Depending on the objection raised in your examination, you have 2 months to respond through a number of options.
Request a hearing
You can request a hearing if you:
- think your application has been dealt with unfairly
- disagree with the decision about your trade mark
Evidence of use of a trade mark
You may decide to file evidence in order to overcome objections raised under Section 3(1) of the Trade Marks Act 1994 (distinctiveness). We may have decided that your trade mark is not distinctive because, for example, it is:
- descriptive of the goods or services
- the name of a place which is usually thought to indicate the geographical area in which particular goods or services are offered
It is impossible for us to say how much evidence you need to provide to overcome these types of objections. As a rule the more descriptive a mark is, the more evidence, in terms of length of use or amount of turnover, is required to show that it is distinctive for the goods or services in question.
Although evidence is often used to overcome objections, it will not help at all if the mark you wish to register is a word or term which has become customary in your line of trade.
How to provide evidence of use
You will need to provide evidence, showing how and where in the UK the mark has been used before the application date, and giving details of turnover in, and amounts spent on promotion of, the goods or services.
You may also send us:
- samples of packaging of the goods
- copies of advertisements for the goods or services and/or
- copies of your own sales brochures.
We refer to all these items as exhibits.
All the information you provide must relate to use of the mark in the UK and before the date of application.
You must present your evidence in the form of a witness statement. You should have the statement typed up, or you may complete it neatly in your own handwriting.
If you still need further advice on preparing your evidence please contact the examiner whose name and phone number are given on the letter with the examination report.
All documents connected to your application are available for public inspection after we have published it in the Trade Marks Journal. If you do not want a piece of information to be open to public inspection, you should give us detailed reasons in writing when you send us the document or within 14 days of sending it. Then, we will consider whether we agree to your request for confidentiality.
Divide your application
Using a form TM12 you can divide your application:
- into two or more separate applications (called divisional applications)
- to allow those classes that are acceptable to go forward for advertisement, and for the objections to the remaining classes to be dealt with separately
Letters of consent from earlier rights holders
If we have identified an earlier filed trade mark which someone else has already registered or applied to register a mark which is:
- the same as or similar to yours in the way it looks or sounds
- for the same or similar goods or services
We may be able to remove the requirement to notify the proprietor of the earlier domestic UK and Madrid UK trade mark by arranging a letter of consent from the owner of the earlier trade mark.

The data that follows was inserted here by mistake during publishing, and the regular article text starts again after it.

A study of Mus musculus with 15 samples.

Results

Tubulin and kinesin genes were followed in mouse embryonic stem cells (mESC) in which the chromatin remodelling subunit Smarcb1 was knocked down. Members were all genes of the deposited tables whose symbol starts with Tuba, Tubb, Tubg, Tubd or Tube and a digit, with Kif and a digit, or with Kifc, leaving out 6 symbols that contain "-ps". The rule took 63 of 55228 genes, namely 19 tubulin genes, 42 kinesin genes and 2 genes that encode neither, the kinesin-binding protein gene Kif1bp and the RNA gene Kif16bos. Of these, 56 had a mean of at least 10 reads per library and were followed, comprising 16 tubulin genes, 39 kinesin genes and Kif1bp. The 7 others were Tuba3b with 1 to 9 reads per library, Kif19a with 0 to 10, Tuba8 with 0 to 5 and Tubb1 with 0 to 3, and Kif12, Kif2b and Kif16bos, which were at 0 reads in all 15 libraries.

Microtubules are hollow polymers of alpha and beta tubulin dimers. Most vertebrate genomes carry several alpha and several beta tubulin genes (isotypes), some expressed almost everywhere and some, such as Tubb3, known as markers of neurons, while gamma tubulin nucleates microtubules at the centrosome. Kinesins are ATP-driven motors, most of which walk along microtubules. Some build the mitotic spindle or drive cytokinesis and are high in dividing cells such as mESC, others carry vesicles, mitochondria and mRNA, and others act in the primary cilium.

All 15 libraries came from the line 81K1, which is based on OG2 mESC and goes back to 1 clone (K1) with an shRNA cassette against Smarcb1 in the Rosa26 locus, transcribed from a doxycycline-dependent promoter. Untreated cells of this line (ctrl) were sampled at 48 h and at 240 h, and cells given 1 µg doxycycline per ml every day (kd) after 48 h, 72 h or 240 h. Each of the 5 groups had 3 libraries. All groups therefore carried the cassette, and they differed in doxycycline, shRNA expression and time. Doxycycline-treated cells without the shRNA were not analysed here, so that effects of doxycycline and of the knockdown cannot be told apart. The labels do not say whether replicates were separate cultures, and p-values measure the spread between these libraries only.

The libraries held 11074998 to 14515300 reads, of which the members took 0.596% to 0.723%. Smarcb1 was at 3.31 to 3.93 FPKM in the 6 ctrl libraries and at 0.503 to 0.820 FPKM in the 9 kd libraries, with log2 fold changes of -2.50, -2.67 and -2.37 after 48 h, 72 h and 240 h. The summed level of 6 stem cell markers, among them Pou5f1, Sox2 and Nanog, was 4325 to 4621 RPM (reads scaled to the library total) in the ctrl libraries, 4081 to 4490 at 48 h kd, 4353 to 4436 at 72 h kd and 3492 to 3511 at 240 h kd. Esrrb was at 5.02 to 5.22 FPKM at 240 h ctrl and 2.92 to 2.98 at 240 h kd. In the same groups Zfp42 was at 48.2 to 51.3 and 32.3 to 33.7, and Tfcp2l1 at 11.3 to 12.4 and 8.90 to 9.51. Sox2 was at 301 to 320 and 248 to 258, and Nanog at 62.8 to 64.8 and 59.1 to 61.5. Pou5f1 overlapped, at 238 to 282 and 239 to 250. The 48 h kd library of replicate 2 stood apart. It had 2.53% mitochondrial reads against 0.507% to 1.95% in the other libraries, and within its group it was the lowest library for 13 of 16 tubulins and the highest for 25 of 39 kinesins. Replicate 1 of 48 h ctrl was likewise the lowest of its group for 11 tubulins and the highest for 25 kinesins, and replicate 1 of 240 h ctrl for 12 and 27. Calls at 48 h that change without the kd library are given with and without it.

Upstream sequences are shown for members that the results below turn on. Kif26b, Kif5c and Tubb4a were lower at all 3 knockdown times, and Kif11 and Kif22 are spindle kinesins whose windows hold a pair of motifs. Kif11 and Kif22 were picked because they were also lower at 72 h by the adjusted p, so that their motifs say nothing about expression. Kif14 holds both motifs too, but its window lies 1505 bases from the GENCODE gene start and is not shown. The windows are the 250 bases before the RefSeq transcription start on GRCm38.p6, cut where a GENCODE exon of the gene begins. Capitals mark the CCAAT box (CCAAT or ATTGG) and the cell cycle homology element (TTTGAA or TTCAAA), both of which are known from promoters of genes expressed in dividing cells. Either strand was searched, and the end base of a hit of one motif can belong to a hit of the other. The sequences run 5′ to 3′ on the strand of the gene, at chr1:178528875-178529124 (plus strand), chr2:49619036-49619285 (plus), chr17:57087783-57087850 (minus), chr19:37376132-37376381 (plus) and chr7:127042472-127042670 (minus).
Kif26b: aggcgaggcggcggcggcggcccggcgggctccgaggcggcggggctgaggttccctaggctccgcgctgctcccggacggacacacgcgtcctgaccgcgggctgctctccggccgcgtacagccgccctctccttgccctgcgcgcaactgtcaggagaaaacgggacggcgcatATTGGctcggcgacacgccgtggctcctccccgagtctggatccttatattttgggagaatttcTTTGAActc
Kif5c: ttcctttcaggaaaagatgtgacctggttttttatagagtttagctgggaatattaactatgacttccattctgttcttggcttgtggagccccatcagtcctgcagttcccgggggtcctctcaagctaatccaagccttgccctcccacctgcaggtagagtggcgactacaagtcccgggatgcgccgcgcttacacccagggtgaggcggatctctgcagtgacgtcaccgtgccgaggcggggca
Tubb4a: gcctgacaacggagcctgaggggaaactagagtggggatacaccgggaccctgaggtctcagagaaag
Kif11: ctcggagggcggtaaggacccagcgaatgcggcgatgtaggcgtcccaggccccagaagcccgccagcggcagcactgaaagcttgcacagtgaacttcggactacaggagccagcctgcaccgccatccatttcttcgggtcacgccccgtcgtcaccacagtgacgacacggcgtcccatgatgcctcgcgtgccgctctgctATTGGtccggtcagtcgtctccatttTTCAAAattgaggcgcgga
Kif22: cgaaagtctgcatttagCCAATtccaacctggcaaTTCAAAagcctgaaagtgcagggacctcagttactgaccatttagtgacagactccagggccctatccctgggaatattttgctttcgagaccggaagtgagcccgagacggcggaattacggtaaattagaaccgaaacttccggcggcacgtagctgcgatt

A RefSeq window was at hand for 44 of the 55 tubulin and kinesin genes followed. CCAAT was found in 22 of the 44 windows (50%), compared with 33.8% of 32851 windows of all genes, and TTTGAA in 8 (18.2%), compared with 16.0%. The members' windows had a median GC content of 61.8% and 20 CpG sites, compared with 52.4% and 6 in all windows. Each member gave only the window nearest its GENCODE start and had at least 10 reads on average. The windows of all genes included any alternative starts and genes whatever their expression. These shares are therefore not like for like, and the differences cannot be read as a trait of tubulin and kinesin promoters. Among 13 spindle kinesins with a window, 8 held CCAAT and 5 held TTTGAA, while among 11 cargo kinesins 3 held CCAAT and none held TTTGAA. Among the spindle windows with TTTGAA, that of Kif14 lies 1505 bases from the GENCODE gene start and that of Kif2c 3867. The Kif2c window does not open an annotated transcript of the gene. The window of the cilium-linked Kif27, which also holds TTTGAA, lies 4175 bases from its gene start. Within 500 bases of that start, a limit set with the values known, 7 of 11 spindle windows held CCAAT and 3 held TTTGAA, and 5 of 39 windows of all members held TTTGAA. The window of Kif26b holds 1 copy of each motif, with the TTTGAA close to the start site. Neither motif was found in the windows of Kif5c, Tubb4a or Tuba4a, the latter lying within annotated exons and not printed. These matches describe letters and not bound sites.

A letter of consent is simply the written agreement of the owner of the earlier mark to allow your mark to be registered.
The letter should at the least:
- be on the company headed paper of the owner of the earlier mark
- state the application number of your mark for which consent is given
- agree to the registration of your mark, not just its use
- be signed by a responsible person in the company
- state that person’s name and position in the company
We will not accept the consent if the letter does not contain this information.
Owners of earlier marks do not have to give you their consent. Contacting them may warn them of the existence of your application and give them the chance to oppose it at a later date.
Extension of time
If you do not reply within the time allowed, your application may be refused. If you need more time than given to answer objections raised in your examination report, you can apply for an extension of time.
- before the response period has expired
Request should be made in writing, providing reasons why the extension of time is required.
- after response period has expired
You can request a retrospective extension of time by sending us a form TM9R. This must be filed within two months of the expired time period.
Legal professionals who specialise in IP are useful in helping you to understand, obtain and defend your IP rights. Details of professionals in your area can be obtained from any of the following organisations:
- Chartered Institute of Trade Mark Attorneys
- Chartered Institute of Patent Attorneys
- Law Society can provide details of suitable solicitors in your area
- Bar Council can provide details of barristers licensed for public access
Other sources of advice include
NESTA,The National Endowment for Science, Technology and the Arts provide a useful handbook on invention and innovation
There are a number of other organisations geared specifically to helping inventors, especially lone inventors, to bring their ideas to market, and to provide advice on finding financial assistance. For example, The Institute of Patentees and Inventors is a non-profit making organisation that specifically helps lone inventors.